Professor to submit slang from the north to Oxford English Dictionary
Many born and bred Northerners know what words like 'slimes' and 'soaker' mean, but Sali Tagliamonte, a language scientist at the University of Toronto, says many people do not.
"You know those are the words I grew up with, and I use all the time, and yet when I say 'wait a second do you know what this means?' People don't know," said Tagliamonte.
She wants to submit commonly used words in the north and in other parts of Ontario to the Oxford English Dictionary.
"If those words are not in the Oxford English Dictionary, there's a whole culture and a whole dialect region of Canada that's note documented, and it's like it's being erased if it's not documented," she explained.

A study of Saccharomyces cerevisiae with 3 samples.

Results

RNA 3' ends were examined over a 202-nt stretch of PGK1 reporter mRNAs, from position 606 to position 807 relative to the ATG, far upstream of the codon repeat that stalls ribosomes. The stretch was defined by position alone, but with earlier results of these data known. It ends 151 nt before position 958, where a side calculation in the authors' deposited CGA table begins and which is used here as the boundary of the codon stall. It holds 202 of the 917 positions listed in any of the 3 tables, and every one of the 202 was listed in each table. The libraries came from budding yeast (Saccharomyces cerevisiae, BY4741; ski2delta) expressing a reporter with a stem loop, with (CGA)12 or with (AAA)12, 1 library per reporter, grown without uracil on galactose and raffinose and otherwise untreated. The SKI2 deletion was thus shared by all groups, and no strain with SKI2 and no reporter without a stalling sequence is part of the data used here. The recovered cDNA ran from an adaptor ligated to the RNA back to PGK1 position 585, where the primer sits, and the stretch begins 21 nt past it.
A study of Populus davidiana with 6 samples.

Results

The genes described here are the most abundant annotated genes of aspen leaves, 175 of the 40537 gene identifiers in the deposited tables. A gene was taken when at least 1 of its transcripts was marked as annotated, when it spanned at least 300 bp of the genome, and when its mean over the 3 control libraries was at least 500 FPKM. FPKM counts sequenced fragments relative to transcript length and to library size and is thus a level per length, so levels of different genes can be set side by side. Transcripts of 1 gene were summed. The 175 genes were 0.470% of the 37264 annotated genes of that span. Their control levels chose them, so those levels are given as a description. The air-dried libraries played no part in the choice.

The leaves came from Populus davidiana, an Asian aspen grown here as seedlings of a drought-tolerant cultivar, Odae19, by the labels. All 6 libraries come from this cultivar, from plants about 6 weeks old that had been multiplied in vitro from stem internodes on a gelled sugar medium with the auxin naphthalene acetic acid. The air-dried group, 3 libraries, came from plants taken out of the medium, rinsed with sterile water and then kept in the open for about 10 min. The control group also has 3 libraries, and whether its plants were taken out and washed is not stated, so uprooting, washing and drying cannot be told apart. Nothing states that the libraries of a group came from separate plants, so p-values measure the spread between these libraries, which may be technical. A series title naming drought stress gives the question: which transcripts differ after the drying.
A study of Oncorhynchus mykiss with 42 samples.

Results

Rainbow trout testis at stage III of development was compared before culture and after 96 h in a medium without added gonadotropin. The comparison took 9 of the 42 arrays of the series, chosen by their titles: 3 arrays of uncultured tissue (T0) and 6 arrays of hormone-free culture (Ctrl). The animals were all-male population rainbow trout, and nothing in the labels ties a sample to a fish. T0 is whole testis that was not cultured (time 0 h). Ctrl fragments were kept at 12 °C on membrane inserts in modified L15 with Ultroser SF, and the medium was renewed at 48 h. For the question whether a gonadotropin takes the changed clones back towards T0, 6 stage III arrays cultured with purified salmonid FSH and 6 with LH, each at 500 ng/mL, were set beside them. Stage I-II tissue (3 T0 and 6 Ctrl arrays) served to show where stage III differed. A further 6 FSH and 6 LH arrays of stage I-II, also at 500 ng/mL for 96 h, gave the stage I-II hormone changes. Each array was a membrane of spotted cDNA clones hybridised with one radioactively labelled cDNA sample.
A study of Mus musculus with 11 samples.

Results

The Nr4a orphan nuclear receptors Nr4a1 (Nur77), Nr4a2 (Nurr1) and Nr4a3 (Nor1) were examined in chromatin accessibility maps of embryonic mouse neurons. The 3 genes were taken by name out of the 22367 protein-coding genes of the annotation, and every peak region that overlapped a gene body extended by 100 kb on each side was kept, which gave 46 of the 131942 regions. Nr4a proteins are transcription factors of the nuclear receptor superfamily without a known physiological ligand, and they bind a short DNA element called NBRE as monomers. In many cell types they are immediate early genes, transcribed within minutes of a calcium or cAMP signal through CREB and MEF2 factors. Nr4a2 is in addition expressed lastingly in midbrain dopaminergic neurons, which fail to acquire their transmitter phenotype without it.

Erin Auger, Assistant Library Director at the Timmins Public Library, says the venerable OED is the most definitive of its genre.
"You know it's been documenting over 1000 years of English language, so to imagine that our words could somehow make it into that dictionary is kind of exciting," said Auger.
He suggests the phrases 'down south' and 'up north' could also be included.
"People kind of make fun of me when I would go down… I'd be like 'I'm going down south', or you know if I'm going back up north, 'I'm going back up north'. Cause they're thinking down south and assuming southern United States, but they don't consider themselves southern Ontario when we say going down south," said Auger.
Tagliamonte says there is still more research to do and she wants people to reach out to her with their suggestions before she makes her submissions to the OED.